August 11, 2000
Tours of duty:
Battleship preview draws 11,000 visitors.
By CAROL COMEGNO
Approximately 11,000 visitors toured the battleship New Jersey in a two-day public preview before its restoration and conversion into a permanent museum on the Waterfront.
An estimated 6,000 people went aboard Thursday. The day before, about 5,000 jammed the Waterfront for a look at the most decorated battleship in U.S. naval history, with 16 battle stars.
"It's amazing. I wish I could have gone a little higher and below deck, but everyone is so excited about being here," said Rose Pennino, a housewife from Vineland. "We'll come back to see her again after she's fixed up."
Barbara Ciaramitaro of Detroit, on vacation in Philadelphia with her husband, drove to see the ship after hearing on television that it was open to the public.
"We just had to come," she said. "The ship is so impressive up close. It didn't look this big from the Philadelphia side of the river."
Visitors gobbled up facts given by the New Jersey Naval Militia, Junior ROTC naval cadets from Wall Township High School, Monmouth County, and Sea Cadets from Lakehurst who served as guides and safety observers.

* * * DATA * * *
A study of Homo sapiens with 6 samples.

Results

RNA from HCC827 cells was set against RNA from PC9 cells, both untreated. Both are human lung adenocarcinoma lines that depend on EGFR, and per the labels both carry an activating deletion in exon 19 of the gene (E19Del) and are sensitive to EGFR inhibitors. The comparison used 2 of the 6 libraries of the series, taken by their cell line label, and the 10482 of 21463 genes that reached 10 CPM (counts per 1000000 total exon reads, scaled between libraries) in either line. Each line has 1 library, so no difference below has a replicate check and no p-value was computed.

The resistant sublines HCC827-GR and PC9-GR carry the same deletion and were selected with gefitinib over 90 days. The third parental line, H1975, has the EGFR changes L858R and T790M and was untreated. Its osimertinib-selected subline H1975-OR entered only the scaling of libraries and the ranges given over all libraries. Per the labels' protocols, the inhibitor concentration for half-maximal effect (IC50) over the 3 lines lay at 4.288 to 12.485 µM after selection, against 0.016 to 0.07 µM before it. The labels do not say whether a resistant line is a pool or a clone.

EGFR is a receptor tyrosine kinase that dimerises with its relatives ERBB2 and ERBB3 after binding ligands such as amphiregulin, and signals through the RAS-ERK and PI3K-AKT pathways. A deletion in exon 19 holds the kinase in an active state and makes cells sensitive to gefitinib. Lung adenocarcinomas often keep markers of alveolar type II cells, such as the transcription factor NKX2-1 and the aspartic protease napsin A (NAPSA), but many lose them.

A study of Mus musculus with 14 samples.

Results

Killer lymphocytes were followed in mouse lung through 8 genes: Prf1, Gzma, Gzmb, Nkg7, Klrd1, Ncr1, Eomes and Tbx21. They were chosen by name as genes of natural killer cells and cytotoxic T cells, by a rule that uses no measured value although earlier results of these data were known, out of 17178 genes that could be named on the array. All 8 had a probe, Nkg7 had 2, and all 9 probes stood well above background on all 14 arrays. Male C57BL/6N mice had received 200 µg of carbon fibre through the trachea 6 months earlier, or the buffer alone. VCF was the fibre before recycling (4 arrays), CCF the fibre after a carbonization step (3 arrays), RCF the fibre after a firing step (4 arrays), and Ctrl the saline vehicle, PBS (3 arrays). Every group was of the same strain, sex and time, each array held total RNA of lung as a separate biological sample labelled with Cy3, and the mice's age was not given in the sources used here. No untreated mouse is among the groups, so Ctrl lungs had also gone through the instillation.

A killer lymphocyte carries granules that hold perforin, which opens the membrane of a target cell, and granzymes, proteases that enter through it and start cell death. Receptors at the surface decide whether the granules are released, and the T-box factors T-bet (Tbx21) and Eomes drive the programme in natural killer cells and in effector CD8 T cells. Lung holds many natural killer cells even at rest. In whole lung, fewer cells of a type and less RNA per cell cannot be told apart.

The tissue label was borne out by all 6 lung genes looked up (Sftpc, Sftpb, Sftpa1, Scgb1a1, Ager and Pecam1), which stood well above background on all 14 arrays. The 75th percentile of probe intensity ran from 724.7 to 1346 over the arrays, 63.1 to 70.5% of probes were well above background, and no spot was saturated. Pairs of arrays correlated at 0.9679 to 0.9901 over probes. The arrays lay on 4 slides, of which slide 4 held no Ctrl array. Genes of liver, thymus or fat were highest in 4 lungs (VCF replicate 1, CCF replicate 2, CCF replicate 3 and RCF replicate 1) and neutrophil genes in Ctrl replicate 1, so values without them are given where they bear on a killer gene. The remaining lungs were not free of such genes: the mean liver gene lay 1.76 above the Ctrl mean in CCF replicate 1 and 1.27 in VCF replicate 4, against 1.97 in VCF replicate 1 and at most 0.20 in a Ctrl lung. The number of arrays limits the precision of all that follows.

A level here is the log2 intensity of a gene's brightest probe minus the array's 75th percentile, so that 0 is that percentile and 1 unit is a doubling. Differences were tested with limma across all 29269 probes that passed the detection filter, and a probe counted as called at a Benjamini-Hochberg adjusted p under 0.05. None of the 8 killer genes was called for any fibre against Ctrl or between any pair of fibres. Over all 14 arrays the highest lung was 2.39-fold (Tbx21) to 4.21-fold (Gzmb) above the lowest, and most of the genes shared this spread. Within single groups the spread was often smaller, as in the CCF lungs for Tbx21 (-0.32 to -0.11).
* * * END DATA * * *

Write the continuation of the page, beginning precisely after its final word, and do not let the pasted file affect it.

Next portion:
The ship's 887-foot length, its history dating to World War II battles, its 16-inch-diameter guns that can hurl the equivalent of a Volkswagen Beetle 23 miles and its heavy anchor chains most impressed visitors.
Many also were surprised at the new development along the Camden Waterfront and of the view of the Philadelphia waterfront and skyline.
Visitors were restricted to the main deck. When the warship is opened as a museum sometime late next year, they will be able to visit the ship's bridge and go below where sailors lived.
"This is more people than we ever expected. We figured a few thousand would come, but this shows that there is continuing interest and support out there for the ship," said retired Rear Adm. Thomas Seigenthaler, executive director of the Home Port Alliance.
The alliance plans to spend at least $20 million on a new pier, visitor center, museum and ship overhaul. The Navy transferred the ship to the nonprofit coalition of labor, government and political leaders in July.
NOTE: The young and old sometimes stood long lines to board shuttle buses outside the state aquarium and then to walk on to the ship.
"It's a great experience to talk to the military veterans who came board. A lot of the stories they told were heart-breaking," said Rachel Clause, 15, an ROTC volunteer.
Rob Renta, 16, another Wall Township cadet, said most people see just a ship but veterans see more than that. "They see their souls, their hearts, their life stories," he said.